Tate is delighted to announce the appointment of Colombian curator José Roca (born 1962) as the Estrellita B. Brodsky Adjunct Curator of Latin American Art. The post, which reflects Tate’s continuing commitment to broadening the geographical scope of the Collection, is for a period of three years from 2012 to 2015.
José Roca began working in the post on 9 January 2012. He will take a leading role in developing Tate’s holdings of art from Latin America and will work closely with Tate’s Latin American Acquisitions Committee, now celebrating its tenth year. He will also represent Tate in Latin America, further developing and adding to the strong working relationships Tate has within the region. He will be based in his home city of Bogotá but will make regular visits to London.
José Roca was the chief curator of the 8th Bienal do Mercosul (2011) in Porto Alegre, Brazil. For a decade he managed the arts programme and oversaw the development of the collection at the Banco de la República in Bogotá, establishing it as one of the most respected institutions in the Latin American circuit. Roca was a co-curator of the I Poly/graphic Triennial in San Juan, Puerto Rico (2004), the 27th Bienal de São Paulo, Brazil (2006) and the Encuentro de Medellín MDE07 (2007), and was the Artistic Director of Philagrafika 2010, Philadelphia’s international Triennial celebrating print in contemporary art. He served on the awards jury for the 52nd Venice Biennial (2007). José Roca has also curated numerous solo exhibitions focusing on the work of artists such as Oscar Munoz, Antoni Muntadas, Eugenio Dittborn, Regina Silveira and Julio Alpuy among others.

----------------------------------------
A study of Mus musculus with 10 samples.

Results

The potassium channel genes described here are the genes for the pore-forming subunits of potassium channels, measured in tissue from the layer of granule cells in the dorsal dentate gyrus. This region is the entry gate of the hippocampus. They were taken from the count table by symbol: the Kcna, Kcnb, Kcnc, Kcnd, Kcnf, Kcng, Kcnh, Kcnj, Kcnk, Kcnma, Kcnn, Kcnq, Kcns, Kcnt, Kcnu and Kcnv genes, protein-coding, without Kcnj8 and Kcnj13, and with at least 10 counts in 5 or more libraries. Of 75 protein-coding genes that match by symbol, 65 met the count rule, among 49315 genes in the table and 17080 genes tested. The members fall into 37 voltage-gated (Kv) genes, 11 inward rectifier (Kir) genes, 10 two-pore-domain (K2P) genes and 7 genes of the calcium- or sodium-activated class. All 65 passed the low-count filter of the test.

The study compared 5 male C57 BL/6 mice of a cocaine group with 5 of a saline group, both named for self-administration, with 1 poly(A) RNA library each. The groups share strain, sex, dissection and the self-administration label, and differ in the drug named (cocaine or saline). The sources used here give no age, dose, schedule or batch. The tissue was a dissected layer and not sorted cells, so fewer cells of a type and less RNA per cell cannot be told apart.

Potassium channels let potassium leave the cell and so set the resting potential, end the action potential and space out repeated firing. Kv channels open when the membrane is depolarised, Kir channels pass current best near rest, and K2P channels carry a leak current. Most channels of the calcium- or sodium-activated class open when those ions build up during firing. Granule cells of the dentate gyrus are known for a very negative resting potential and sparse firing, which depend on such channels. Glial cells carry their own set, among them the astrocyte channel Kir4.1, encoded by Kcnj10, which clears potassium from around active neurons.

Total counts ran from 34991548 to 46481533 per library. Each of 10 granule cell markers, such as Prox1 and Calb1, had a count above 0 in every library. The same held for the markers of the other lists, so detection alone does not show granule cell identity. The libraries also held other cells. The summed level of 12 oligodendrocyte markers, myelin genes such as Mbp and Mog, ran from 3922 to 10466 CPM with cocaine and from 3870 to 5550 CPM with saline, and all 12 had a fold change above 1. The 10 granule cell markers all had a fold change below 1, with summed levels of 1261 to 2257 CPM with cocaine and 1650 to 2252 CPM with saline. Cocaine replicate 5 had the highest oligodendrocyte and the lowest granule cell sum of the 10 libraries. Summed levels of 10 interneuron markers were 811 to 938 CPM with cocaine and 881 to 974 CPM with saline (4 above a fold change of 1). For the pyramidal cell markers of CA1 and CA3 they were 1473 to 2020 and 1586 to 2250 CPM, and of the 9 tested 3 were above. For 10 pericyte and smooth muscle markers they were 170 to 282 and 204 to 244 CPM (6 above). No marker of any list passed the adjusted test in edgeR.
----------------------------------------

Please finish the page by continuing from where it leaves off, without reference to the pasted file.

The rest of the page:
Frances Morris, Head of Collection (International Art) at Tate said: “We look forward to welcoming José Roca to Tate and to beginning to work with him. His expertise and flair will be of huge benefit and will help to deepen the relationships we have already established in the region as well as forge new partnerships and strengthen our holdings from this important and dynamic part of the world”.
José Roca said: ‘For many years I have worked on fostering the appreciation of the art from Latin America both locally and abroad. I am honoured to be able to continue working in this direction with such a serious and prestigious institution such as Tate’.